Sources in Sun disclose that they "weren't born yesterday" and they are fully aware of the current situation, they will be applying "basic changes" inside the business to combat the lengthy failures. Sun may be interested in some of the changes but its crucial for them to stay a big company. The company is willing to do alot to retain it's size. Two examples would be prefering Solaris over Linux and SPARC over x86, but willing sell you whatever the customer prefers as they are interested in revenue. The company also plans to try to sell more subscription based software and servers, such as leasing servers and services for them. Furthermore, the company is no longer interested in Solaris, but selling support and services for Solaris.
One of the biggest things people criticize Sun over is not selling to low volume clients. Many clients that get turned away go elsewhere, particularly the x86 and PowerPC market. That might be changing. Sun is aware that they should quit their old practices of selling to high volume clients only, but while still concentrating on high volume. They might actually start selling to low volume clients as well. If Sun pulls this off without manufacturing a bunch of CPUs and boards that just sit in a warehouse, OEMS and online shops will be able to sell SPARC-based computers using Sun's system boards and processors. The copmany is still considering this plan and say it may occur in time.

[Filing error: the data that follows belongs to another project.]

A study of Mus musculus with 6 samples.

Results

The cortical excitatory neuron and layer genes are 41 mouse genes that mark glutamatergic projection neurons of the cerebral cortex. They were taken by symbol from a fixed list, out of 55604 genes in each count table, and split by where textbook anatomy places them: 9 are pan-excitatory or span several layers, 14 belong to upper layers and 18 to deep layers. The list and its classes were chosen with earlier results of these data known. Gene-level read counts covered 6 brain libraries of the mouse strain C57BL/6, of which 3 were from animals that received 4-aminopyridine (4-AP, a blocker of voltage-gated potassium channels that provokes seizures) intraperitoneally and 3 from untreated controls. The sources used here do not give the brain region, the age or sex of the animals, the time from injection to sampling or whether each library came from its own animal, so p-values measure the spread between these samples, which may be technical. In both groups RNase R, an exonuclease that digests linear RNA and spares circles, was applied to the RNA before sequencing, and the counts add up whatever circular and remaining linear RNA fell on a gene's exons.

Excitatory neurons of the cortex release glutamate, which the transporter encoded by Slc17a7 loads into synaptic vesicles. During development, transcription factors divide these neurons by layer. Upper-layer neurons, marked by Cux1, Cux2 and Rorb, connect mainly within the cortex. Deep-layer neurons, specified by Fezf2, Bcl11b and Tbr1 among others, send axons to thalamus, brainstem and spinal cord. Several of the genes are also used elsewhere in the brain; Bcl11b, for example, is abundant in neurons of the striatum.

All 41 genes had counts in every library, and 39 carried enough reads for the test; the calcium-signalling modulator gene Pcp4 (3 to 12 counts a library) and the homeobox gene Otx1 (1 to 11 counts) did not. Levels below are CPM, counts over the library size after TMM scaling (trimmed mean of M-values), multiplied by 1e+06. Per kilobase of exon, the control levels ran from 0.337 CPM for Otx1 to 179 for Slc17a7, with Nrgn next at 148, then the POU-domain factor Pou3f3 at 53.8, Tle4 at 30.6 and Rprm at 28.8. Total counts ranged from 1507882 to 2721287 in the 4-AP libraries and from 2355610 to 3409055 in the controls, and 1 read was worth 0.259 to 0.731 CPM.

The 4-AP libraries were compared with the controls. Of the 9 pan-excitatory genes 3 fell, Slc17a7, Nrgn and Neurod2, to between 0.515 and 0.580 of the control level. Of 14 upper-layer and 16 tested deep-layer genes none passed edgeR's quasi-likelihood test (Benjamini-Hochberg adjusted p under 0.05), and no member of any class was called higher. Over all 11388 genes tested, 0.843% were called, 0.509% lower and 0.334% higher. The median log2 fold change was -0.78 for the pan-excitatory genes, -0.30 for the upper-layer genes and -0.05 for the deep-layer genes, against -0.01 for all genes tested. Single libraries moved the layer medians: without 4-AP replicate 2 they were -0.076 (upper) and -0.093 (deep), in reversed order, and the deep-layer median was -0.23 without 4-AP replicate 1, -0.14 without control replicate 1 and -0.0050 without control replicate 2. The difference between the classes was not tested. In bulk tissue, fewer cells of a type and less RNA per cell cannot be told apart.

The marketing issue that customers complain is also changing, new advertisements are appearing on various high traffic websites promoting what Jonathan Schwartz says are opportunities, such as their Opteron server and Java Enterprise System with a hint of Solaris. One of the biggest problems for Sun is the FUD that surrounds it, some executives plan to try all they can to counter it as many are currently doing all they can, however some do not think its good enough. Sun is busy working on changing themselves to achieve profitability as others criticize it so it seems they doing worse.
Sun has been criticized by open source advocates over various issues such as Java. Sources close to sun claim that they have done plenty for the open source, more than companies like IBM. They also hint that the pressure on them to open source Java is mainly due to IBM which is allegedly trying to use its position on Linux vs. SCO to take advantage of Sun's Java technologies which make up the core of its software business.
Jonathan Schwartz has been busy, reading user comments and getting feedback on statements he has made to make effective decisions. Many Sun customers stand by Schwartz and McNealy in hope that Sun will get back on its feet and become profitable once again as Schwartz and McNealy say they will but it will take a little more time, likely not this or the next quarter.
Other than this, there is not much Sun will tell you. June's quarterly launch event will be interesting. This company definitely going to be around here for awhile.
This article is by Tim H. of Rack64.com, a server administrator, sun customer and shareholder. Information gathered in this article was from employees of Sun Microsystems and interviews posted on various news sites.